And for the radio call …
Patriots radio analyst Scott Zolak’s analysis after the Thompkins touchdown:
“BRADY’S BACK! That’s your quarterback! Who left the building? Unicorns, show ponies, where’s the beef!! Boy, when you thought you’ve seen it all, when it’s total despair, 14 years in the league, this situation after situation he’s been through, to elevate a rookie! My god!”
Could be the great non-sequitor radio call of all time.
The biggest reason Kansas City is 6-0: The D.
The only two unbeatens left are in the AFC West: Denver and Kansas City, both 6-0. The Broncos have gotten there with offense. But Kansas City’s biggest spur has been a rebuilt defense by this week’s coach of the week, defensive coordinator Bob Sutton, who has taken most of the same talent Romeo Crennel coached last season and made it a lean, attacking machine. Just six weeks into the season, the Chiefs have passed last year’s sack total. The 10 sacks from Sunday’s win over the Raiders boosted the total for the year to 31—four more than Kansas City had in 16 games last year.
For a detailed view of the Chiefs, read Robert Klemko’s piece from the great Midwest on The MMQB. It’s good and detailed.
For the defensive view, I asked outside linebacker Tamba Hali, who had 3.5 of the sacks against the Raiders, for the difference between this year’s defense and last year’s. The simplest way to look at it is the Chiefs, because Sutton’s defense has some Rex Ryan tendencies (they worked together at the Jets), is a risk-embracing, odd-blitzing group. And it’s working.
“We don’t want to give the quarterback time to think,’’ Hali said from Kansas City after the game. “We bring a lot of confusion. Sometimes it looks like all the pressure is coming from one gap.’’
I told him Rex Ryan’s defense, dating back to Baltimore, often featured two or three rushers flooding one gap. “Your rush looks like that sometimes—like organized insanity,’’ I said.
“Insanity, yeah,’’ he said. “Insanity is the right word.”
But it must feel sane to Hali: By one measure, quarterback pressure and sacks, he too has surpassed his 2012 numbers. His combined sacks/pressures through six games is 46.5. Last year, he had 46 all season.
“As a pass rusher, I think the defense shows I can beat my man one on one, which is why I like it,’’ said Hali. “Coach knows how to use us all, so we’re all good in our roles.”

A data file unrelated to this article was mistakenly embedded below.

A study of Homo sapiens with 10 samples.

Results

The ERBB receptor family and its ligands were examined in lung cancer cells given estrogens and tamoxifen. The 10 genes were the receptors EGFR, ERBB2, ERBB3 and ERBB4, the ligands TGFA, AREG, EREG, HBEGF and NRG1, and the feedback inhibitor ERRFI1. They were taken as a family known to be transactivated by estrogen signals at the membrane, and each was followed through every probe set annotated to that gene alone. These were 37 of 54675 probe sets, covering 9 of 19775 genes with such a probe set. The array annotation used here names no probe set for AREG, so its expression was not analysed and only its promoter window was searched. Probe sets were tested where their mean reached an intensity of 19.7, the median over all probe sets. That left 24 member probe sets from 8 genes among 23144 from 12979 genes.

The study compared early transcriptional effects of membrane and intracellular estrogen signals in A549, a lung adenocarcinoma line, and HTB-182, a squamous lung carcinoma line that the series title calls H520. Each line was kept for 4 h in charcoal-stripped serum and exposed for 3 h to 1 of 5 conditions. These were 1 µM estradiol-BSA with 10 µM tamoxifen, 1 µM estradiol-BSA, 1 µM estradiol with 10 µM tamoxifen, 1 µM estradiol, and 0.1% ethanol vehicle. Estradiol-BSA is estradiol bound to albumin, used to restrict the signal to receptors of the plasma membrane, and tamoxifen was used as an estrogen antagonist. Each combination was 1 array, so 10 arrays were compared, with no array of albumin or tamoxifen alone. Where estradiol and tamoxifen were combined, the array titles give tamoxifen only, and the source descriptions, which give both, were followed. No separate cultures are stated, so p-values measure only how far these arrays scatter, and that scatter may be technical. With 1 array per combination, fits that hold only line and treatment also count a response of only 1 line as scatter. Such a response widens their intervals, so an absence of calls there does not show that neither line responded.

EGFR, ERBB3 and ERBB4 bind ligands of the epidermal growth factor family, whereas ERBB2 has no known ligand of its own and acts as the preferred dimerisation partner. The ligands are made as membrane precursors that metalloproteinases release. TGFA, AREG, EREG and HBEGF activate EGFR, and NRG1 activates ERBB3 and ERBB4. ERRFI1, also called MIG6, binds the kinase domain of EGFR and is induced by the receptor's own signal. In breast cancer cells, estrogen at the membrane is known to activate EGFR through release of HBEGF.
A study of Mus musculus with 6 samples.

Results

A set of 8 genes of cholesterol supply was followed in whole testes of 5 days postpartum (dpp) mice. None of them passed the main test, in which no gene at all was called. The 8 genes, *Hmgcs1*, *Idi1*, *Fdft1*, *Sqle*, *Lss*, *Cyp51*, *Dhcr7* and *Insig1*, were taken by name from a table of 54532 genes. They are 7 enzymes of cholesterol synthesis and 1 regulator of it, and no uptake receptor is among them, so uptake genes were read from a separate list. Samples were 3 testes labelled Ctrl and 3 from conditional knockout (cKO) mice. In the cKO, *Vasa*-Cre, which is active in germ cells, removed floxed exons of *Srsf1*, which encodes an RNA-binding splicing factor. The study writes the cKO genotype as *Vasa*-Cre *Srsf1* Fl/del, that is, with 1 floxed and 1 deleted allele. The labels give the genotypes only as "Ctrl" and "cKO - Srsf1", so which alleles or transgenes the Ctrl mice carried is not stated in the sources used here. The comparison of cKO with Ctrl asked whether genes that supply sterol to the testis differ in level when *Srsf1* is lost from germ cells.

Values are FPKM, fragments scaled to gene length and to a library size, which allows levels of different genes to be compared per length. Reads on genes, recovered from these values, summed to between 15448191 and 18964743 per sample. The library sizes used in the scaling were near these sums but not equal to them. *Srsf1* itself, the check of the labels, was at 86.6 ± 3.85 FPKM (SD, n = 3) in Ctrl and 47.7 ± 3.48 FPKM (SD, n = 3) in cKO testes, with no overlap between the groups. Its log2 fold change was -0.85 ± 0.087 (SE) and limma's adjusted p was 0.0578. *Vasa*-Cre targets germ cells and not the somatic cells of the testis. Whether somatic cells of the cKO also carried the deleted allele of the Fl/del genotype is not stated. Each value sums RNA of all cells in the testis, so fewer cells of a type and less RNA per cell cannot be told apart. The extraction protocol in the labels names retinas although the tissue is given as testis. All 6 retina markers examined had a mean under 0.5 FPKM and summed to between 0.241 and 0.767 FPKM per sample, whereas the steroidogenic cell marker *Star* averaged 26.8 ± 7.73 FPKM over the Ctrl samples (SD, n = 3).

But will it work?
Now we see the NFL’s response to the month that set diversity back in the league. Last January, as you recall, NFL teams hired eight head coaches and seven general managers. All 15: white. (The Bills broke the schneid in May by hiring Doug Whaley, who is African-American, to be their general manager.] But in the months following, the league’s executive vice president of human resources, Robert Gulliver, and senior vice president of player engagement, Troy Vincent, have cobbled together a list of eight former coaches and GMs, and the group had its first meeting Thursday in New York City to begin the process of improving the diversity scorecard.
The NFL Head Coach and General Manager Advisory Panel includes former GMs Ernie Accorsi, Ron Wolf, Charlie Casserly and Bill Polian, former Chiefs president Carl Peterson, and ex-coaches Tony Dungy, Dennis Green and John Madden.
One way that could help advance minority hiring, particularly of coaches, is to give owners and club executives involved in the hiring process blind resumes—that is, resumes with the background and accomplishments of candidates, but not their names. That way, the theory goes, those hiring could look at an impressive nameless resume and commit to pursue the candidate before knowing who the candidate is. Would it help to be told about a college head coach of a top-10 team who has won 69 percent of his games and been a defensive coordinator at three major-college programs? No one knows if a team would say, “Whoever that is, let’s check him out.” It would, though, render the process color-blind, theoretically, without knowing the candidate is Charlie Strong, the African-American coach at Louisville.
But no metrics or plans are near final form yet. The committee hopes to have a plan to help the process by late November, and it won’t advance only the names of qualified African-American coaches, according to a league memo sent to the 32 teams.
The memo stated: “Through a series of facilitated panel meetings and individual discussions, the panel will assess potential head coach and general manager talent with the goal of identifying a viable short list of ‘ready now’ candidates. Panelists will consider both objective and subjective criteria. The panel is not intended to replace the work done by third parties such as search firms or advocacy groups like the Fritz Pollard Alliance, but rather, is intended to be a supplemental data point that can help owners and decision makers in the next hiring cycle. The panel will consider all talent, inclusive of diverse and non-diverse personnel.”
That’s some human-resource-speak right there. But the league knows it has a diversity problem on its hands after the January shutout, and something must be tried.